We believe in local control. Until we don’t.
That philosophy seems to pervade Statehouse officials of any political stripe, depending on the issue, but for today’s discussion the topic is Senate Bill 2622, which would clarify that only state government can suspend municipal hiring residency rules.
State Sen. Doris Turner, D-Springfield, filed the bill in October. In January, it landed in the Senate’s Local Government Committee.
According to the State Journal-Register, the Springfield City Council paused its ordinance in November, hoping to draw new employees from a larger pool. Turner was on the council (and voted in favor) when it adopted the rule in 2016, so her support is consistent. But the proposal would forever strip local governments of the right to suspend local rules, including by negating any suspensions already in effect. Local governments could only vote on outright repeals.
There is plenty of room for debate on the utility and practicality of residency rules, but they all stand aside the larger concern over revoking local control in service of political goals. (See: counties telling townships they couldn’t restrict sites for solar and wind farms, at least until the state took the power away from counties.)
Zooming out on Turner’s plan, it arguably would impede local residency requirements. If a village doesn’t currently have such a rule, would it be wise to enact one knowing it could only be paused by asking state officials to intervene? Better to leave it off the books altogether and retain some degree of autonomy.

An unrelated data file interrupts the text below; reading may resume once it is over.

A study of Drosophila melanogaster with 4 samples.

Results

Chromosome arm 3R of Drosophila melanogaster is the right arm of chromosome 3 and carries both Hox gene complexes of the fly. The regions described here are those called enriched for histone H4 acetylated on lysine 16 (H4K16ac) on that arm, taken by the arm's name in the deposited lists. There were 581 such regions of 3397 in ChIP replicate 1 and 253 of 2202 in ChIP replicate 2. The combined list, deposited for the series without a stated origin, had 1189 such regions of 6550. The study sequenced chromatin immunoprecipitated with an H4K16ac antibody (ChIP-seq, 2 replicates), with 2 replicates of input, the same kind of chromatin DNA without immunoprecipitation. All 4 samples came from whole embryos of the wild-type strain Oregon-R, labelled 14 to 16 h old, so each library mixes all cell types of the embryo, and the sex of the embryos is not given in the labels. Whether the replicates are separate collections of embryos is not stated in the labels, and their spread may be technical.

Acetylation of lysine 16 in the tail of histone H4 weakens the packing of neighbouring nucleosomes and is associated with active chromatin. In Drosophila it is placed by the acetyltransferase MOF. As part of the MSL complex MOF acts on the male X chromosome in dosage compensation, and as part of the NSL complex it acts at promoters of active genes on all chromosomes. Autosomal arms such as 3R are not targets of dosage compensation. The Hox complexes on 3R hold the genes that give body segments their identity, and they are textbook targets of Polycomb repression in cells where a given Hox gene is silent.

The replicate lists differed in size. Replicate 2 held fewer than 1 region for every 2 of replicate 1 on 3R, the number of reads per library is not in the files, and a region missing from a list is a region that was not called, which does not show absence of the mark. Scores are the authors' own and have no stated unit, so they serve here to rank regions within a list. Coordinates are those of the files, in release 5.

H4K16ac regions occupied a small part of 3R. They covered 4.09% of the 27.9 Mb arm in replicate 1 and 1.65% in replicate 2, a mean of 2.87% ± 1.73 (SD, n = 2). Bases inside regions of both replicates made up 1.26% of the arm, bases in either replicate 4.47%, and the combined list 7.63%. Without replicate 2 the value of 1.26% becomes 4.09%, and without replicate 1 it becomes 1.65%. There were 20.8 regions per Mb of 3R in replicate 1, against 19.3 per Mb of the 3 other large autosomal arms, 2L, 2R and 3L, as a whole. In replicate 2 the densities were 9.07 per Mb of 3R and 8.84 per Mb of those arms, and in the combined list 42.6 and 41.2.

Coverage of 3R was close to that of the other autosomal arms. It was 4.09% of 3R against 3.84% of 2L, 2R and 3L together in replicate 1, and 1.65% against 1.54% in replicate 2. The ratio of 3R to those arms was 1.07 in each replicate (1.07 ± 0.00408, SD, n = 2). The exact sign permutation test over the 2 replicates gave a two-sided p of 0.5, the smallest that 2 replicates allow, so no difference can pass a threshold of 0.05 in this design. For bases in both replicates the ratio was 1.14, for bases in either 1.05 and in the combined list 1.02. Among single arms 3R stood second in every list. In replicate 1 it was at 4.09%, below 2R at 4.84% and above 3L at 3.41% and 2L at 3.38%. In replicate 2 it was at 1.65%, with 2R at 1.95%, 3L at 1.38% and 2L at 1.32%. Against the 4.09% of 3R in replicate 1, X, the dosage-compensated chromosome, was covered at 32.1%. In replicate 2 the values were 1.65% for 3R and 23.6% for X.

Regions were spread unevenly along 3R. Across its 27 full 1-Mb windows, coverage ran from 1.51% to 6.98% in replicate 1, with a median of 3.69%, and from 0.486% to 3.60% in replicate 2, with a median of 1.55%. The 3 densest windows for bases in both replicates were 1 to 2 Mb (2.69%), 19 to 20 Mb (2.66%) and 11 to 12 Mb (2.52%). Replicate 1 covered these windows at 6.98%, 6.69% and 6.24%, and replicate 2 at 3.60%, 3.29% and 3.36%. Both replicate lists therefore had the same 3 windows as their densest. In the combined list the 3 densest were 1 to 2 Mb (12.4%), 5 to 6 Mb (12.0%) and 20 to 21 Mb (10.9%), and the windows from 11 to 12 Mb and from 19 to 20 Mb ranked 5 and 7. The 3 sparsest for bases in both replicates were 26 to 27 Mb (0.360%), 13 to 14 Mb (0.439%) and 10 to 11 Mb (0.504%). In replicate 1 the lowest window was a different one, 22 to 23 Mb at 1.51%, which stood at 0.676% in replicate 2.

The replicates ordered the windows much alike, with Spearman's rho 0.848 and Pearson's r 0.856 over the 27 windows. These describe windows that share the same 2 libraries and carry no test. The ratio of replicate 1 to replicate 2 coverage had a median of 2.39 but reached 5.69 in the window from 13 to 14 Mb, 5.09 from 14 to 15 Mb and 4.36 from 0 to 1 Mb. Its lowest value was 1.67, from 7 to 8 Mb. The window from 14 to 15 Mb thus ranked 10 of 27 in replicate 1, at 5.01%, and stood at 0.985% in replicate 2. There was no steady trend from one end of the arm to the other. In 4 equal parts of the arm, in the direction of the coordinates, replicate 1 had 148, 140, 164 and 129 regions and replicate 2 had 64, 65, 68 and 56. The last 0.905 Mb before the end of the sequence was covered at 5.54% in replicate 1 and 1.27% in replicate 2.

If lawmakers must enact this change, they should first demonstrate why they’re better suited to make such choices than hometown officials.
HOLIDAY WEEKEND? Illinoisans of a certain age will always remember Feb. 12 as the birthday of 16th President Abraham Lincoln because school was never in session. Although the state School Code still designates the day as a legal school holiday, and districts that close on Presidents Day must code it as a regular nonattendance event, there are generations of students in recent vintage who don’t celebrate Lincoln as once was the standard.
Similarly, memorization and recitation of the Gettysburg Address seems to have declined in ubiquity. But perhaps that’s not all bad if resulting in a chance to focus on Lincoln’s countless other profound words, such as these sentences from his second inaugural address in March 1865, not six weeks before his assassination:
“It may seem strange that any men should dare to ask a just God’s assistance in wringing their bread from the sweat of other men’s faces, but let us judge not, that we be not judged. The prayers of both could not be answered. That of neither has been answered fully. The Almighty has His own purposes.”